You are here

WASHINGTON UPDATE: Vascular Surgeons, Patients Earn Victory Over Pay Cuts for Ultrasound Procedures

"My group manages eight hospital labs and a physician group-owned outpatient lab that provides services in nine outpatient clinics… We are critically dependent on appropriate reimbursement for vascular ultrasound services to be able to maintain the high-quality service we provide in the community. The restructuring of these imaging APCs, which do not maintain the current level of reimbursement for complete vascular ultrasound procedures, will definitely impede our service and increase reliance on more expensive studies such as CTAs and MRAs."

– Letter to CMS from Vascular Surgeon


A swift response from the SVS Washington office and a resulting grassroots letter-writing campaign by SVS members helped win vascular surgeons members – and their patients – a major victory.

Surgeons will now receive fair reimbursement for imaging services, almost twice what had been proposed in one case, and their patients will have access to vital non-invasive ultrasound procedures.

The response, which also included working in close collaboration with the Society for Vascular Ultrasound, followed a careful reading and interpretation by the SVS Policy and Advocacy Council and consultants of the 2018 Hospital Outpatient Prospective Payment System (HOPPS) Final Rule. This rule had mistakenly reassigned several vascular ultrasound procedure codes, resulting in a reduction in reimbursement and jeopardizing access to the procedures for patient care.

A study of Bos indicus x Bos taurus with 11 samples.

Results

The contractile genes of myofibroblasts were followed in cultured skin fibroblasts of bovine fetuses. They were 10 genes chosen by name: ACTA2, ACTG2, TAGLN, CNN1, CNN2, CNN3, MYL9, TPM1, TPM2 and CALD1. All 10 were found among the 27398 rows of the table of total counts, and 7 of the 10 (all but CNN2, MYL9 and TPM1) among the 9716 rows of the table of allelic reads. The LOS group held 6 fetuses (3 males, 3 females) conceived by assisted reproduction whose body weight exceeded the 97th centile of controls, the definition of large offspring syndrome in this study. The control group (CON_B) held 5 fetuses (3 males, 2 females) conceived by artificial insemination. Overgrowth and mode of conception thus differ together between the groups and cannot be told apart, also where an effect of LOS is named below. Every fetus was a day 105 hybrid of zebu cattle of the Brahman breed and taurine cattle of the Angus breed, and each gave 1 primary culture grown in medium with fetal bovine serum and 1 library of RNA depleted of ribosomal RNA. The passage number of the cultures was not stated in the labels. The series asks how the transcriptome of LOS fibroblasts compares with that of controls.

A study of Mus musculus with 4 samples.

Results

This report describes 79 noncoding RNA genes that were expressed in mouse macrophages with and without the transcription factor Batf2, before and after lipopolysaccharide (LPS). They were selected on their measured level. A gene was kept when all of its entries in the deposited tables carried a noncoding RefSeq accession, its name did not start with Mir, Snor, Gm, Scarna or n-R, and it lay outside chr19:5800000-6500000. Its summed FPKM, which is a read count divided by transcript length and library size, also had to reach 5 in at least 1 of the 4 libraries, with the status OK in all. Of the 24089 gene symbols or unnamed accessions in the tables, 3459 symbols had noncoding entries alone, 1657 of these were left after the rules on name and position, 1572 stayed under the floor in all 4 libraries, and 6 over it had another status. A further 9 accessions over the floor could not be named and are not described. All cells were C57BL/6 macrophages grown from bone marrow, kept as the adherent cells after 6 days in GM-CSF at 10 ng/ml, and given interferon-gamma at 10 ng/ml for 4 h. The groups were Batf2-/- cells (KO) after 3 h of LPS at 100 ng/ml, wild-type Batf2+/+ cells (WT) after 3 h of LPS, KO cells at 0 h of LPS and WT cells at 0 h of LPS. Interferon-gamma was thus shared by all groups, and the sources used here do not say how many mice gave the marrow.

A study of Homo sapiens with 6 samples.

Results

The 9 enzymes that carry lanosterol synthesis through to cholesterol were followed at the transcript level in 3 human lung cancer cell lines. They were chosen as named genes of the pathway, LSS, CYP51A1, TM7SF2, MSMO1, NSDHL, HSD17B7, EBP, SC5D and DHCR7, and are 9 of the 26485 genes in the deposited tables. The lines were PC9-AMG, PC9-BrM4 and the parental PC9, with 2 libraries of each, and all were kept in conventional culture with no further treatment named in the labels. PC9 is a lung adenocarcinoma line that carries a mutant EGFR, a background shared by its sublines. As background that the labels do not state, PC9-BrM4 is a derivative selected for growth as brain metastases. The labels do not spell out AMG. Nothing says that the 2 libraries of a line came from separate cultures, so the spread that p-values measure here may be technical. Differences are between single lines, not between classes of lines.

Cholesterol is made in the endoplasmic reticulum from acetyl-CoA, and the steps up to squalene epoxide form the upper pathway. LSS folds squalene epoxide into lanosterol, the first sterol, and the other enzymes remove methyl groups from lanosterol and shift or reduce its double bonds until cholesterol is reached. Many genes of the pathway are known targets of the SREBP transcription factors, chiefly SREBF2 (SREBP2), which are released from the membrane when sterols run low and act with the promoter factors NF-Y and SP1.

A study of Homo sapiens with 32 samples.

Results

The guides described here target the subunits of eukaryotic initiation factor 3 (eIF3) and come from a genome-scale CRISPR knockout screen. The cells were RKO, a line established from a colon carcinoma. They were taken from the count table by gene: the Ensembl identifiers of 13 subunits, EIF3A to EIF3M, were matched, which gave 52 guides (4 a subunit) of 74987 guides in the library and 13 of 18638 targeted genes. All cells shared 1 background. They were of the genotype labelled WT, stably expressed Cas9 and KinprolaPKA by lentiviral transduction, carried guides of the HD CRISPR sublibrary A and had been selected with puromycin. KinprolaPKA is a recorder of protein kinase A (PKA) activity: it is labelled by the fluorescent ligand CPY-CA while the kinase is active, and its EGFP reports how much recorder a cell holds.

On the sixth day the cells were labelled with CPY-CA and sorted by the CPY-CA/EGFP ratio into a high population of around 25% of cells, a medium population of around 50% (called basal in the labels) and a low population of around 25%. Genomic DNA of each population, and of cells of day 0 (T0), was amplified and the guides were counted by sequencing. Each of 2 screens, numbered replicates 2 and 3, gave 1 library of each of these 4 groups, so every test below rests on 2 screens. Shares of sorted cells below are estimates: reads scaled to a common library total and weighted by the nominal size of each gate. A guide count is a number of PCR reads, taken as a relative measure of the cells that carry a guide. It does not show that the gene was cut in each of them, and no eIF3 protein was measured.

Because the HOPPS rule also sets Medicare reimbursement rates for the technical component of the procedures, payments in both the hospital and office-based settings would have been affected. This would further restrict access to these vital studies that determine the risk of stroke and aortic disease, among other pathologies.

The SVS believed that the Centers for Medicare and Medicaid Services (CMS) did not realize how devastating these cuts would be for patients and that these procedure codes had been mistakenly assigned to an incorrect Ambulatory Payment Classification (APC) level for reimbursement.

The Washington office responded swiftly, organizing a grassroots effort that included personal letters from many SVS members who described the negative impact these cuts would have on their ability to provide vascular ultrasound studies to their patients.

Physician members of Congress also signed a letter to CMS and Rep. Larry Bucshon (R-IN), M.D., called Administrator Seema Verma. These activities were instrumental in CMS issuing a correction notice to its 2018 HOPPS Final Rule. It includes reassigning CPT 93880 (duplex scan of extracranial arteries; complete bilateral study) to APC 5523 (x-ray and related services, level 3) from APC 5522 (x-ray and related services, level 2), with a payment rate of $232.31 for level 3 versus $118.74 for level 2.

Two other complete vascular ultrasound procedures, CPT 93930 (duplex scan of upper extremity arteries or arterial bypass grafts) and CPT 93978 (duplex scan of aorta, inferior vena cava, iliac vasculature or bypass grafts) were also reassigned to level 3. These reassignments were effective on Jan. 1.

This CMS action, stimulated by the SVS leadership, is a major victory for vascular surgeons, who will receive fair reimbursement, and patients, who will have access to vital non-invasive ultrasound procedures.